Chaos Chronicles

I intended to send some bark outs to my dogrades and catrades (like comrades) tonight but I’m truly under the weather. No it’s not Arthur that’s bothering me. Well, I am very worried about my framily members who will be affected by the hurricane and hope that it passes over without incident.

My PCP vet prescribed twice daily oral doses of peanut butter for this spot on my neck. I thought what a great vet until he told my mommy that she did the right thing by fetching the elizabethan collar from the dungeon and putting it on me. I must admit I have adapted to it pretty well but when I went for my evening constitutional and smelled Colby and Jake (bloodhound and golden retriever) approaching, their parents forbade our customary butt sniffing because they were afraid I was contagious. And then they had the nerve to tell my mommy that she could be susceptible to my infection. GOOD GRIEF!!! Well mommy isn’t quarantining me since she has done a risk assessment and concluded that it’s better for us to cuddle than to be isolated from each other.
Before I settled in on mommy I had this urge to cocoon so I climbed in between the couch cushion and the back of the couch. Mommy was about to have a canary when she saw me climbing on top of the back of the couch because she was fearful I might fall off. I slipped comfortably into my den in the den! Now I just have to get through the next few days of firecrackers causing me to bark incessantly without being fitted with another form of doggy paraphernalia.

 

 

2 thoughts on “Chaos Chronicles

  1. My father had a shunt placed in 2012. Immediately, he got better; but, still had a difficult time walking. Here we are in 2017. Same symptoms. They initially said the shunt was clogged, then possible infection, then they took the shunt out and put an external shunt in. He never got better, just worse. Now they are saying he has a incurable brain disease and have decided to not replace the shunt. Wondering how long he will live in this state. He can’t talk or eat. They have him on a feeding tube. He is still breathing on his own, but they are concerned with pneumonia or other complications.

    • Dear Carmen,
      I am very saddened to hear about your father’s condition. I hope I can help you with my response. My sweetie fell at home one evening, transported to the hospital and it was determined that he lost the ability to swallow completely. During the swallow test everything went into his lungs. He was able to talk and understand the situation. The only option to prolong his life was a feeding tube like your father’s situation. My sweetie had written his wishes years ago but he was able to say he didn’t want the tube. His quality of life had deteriorated so much from the NPH and other diseases and he understood the complications of the feeding tube. It was an extremely difficult moment to realize that my sweetie had decided to find peace. His blood pressure was always perfect, his oxygen saturation and pulse did not change. This is the conundrum of life and death. He died 4 days later.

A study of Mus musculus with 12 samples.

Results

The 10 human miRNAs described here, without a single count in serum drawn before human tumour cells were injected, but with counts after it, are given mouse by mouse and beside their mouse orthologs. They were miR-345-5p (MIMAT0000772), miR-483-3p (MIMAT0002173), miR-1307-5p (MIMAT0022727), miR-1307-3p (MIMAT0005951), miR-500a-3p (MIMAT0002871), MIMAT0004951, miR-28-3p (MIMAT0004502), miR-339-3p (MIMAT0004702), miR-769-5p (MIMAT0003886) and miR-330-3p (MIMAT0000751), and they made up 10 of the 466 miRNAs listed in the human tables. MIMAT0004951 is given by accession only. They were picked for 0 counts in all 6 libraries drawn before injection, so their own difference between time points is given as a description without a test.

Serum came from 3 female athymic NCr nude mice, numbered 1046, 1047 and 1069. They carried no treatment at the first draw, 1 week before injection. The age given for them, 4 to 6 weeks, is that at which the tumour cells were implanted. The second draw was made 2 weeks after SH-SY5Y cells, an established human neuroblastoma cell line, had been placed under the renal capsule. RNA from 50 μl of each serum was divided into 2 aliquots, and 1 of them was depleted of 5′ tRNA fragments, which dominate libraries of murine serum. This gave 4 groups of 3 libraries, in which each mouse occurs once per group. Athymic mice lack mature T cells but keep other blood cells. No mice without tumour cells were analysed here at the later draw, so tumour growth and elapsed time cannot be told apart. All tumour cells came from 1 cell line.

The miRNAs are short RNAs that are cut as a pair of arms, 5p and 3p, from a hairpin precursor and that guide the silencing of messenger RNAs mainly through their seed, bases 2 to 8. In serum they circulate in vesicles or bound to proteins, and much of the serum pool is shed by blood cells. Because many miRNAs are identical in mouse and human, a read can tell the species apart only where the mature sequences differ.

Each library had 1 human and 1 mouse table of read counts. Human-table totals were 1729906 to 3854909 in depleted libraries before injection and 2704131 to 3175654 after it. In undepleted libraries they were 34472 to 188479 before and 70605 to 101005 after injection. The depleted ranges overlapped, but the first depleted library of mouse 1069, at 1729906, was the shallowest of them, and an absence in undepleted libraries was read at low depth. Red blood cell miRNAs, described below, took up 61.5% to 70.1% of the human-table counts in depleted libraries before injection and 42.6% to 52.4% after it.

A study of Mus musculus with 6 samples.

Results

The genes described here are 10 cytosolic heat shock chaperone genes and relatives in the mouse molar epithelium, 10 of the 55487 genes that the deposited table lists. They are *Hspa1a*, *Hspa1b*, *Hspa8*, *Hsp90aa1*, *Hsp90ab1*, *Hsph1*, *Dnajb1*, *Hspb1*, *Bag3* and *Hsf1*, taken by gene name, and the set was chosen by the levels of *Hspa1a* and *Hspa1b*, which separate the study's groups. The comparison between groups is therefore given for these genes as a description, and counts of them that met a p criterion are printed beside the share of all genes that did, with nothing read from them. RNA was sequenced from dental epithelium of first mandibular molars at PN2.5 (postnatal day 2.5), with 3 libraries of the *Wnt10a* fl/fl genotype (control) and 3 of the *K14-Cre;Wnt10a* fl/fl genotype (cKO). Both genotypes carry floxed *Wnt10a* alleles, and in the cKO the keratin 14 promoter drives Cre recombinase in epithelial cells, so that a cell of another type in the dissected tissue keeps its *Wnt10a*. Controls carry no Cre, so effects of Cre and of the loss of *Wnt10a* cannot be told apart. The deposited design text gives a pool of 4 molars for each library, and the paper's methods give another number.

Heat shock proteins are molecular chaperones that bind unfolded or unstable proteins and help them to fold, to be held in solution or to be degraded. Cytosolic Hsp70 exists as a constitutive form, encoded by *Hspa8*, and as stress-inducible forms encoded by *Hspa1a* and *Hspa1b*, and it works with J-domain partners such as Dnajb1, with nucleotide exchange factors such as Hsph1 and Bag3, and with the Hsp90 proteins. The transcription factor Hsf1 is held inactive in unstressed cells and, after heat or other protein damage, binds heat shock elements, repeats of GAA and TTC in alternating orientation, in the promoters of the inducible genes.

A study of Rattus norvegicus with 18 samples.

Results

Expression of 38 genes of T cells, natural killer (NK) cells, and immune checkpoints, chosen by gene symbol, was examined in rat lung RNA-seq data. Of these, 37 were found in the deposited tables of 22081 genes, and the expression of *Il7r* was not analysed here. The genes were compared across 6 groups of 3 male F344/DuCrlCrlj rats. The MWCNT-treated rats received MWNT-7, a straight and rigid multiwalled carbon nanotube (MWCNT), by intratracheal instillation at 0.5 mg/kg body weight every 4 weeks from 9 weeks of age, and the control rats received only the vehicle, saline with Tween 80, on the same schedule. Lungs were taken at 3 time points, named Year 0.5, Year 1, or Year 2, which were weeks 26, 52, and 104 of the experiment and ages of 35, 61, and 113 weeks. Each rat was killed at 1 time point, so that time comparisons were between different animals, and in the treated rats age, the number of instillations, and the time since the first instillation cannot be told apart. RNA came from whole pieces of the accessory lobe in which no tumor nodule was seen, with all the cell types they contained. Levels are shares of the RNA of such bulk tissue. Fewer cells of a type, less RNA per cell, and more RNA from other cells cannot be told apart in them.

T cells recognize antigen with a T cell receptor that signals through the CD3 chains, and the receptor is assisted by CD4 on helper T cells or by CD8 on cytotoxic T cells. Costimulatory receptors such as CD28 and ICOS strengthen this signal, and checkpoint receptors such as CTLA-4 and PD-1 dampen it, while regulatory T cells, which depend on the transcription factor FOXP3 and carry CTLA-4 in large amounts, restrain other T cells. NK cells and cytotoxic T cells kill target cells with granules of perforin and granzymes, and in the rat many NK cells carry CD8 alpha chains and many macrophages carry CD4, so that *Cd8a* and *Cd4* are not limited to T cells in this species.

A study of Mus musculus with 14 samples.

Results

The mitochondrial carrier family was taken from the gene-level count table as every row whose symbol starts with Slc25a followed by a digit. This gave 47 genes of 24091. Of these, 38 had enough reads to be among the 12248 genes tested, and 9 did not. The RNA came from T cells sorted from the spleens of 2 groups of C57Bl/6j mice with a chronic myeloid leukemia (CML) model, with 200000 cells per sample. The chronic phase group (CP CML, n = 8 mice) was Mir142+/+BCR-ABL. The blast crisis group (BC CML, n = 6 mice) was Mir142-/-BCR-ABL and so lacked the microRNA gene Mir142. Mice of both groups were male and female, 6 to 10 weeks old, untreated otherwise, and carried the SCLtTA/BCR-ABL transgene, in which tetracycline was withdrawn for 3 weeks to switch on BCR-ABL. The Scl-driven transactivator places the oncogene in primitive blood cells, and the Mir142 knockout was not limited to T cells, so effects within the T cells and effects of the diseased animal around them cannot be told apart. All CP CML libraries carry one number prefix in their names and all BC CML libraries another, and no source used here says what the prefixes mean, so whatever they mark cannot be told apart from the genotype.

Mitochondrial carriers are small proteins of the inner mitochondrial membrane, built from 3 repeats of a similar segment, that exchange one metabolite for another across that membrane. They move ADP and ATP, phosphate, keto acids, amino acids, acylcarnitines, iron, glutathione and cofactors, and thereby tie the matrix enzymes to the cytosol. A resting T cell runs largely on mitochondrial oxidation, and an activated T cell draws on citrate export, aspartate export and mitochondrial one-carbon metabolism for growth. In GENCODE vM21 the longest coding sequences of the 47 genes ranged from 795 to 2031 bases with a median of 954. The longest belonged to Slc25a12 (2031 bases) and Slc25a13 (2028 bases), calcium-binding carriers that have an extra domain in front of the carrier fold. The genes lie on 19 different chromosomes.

There is no way to predict how much time your father can live. Some people with Alzheimers survive many years without the ability to talk, feed themselves, move, etc. Their quality of life and that of their loved ones is deeply impacted. Like your father my sweetie’s inability to swallow was neurological. This meant that the NPH was damaging more systems than the three everyone is aware of. I do not believe there are any reports or studies that discuss the final years of a NPH loved one.

      Yes there are very serious complications with the feeding tube especially if a loved one cannot communicate how he is feeling. Aspiration pneumonia is a common complication. Some people try to treat that as well. Infection at the feeding tube site is another painful complication.

      It seems to me that it is time for your family to make some very difficult decisions about the end of life care for your father. I hope you have a hospice provider helping you. If you are in the US and your father has medicare hospice is provided at no charge. Some private insurances cover it too. Calling in hospice is not saying you are giving up on your father. While hospice is provided when a loved one is not expected to live 6 months there are many people who live beyond that period. Hospice will work to make your father comfortable, bathe him, provide family with emotional support and be an extra helping hand.

      If your father is in a nursing home, hospital, at home or any other facility you have the right to hospice care in all these settings. Many loved ones preferred the non-profit hospice providers. There is no need to work this through your father’s doctor. Try to interview 2-3 providers. They will come very quickly once they receive your call. The hospice provider will contact the doctor and get all the paperwork completed to start serving your father and his loved ones.

      I am very sorry that I am unable to answer your question with a definitive time frame. My sweetie’s sons asked how long the doctors said their dad would live. My answer was that sweetie is in the process of dying. No one can tell us when he will be at peace.

      This book was very helpful for me to make decisions about my sweetie’s end of life care. It’s called Hard Choices for Loving People.

      Click to access HardChoices.pdf

      If I have misinterpreted your note I apologize. This is a very difficult time but it is also a time to express love and comfort. Any decision your family makes will be the right one.

      Please feel free to contact me again at any time.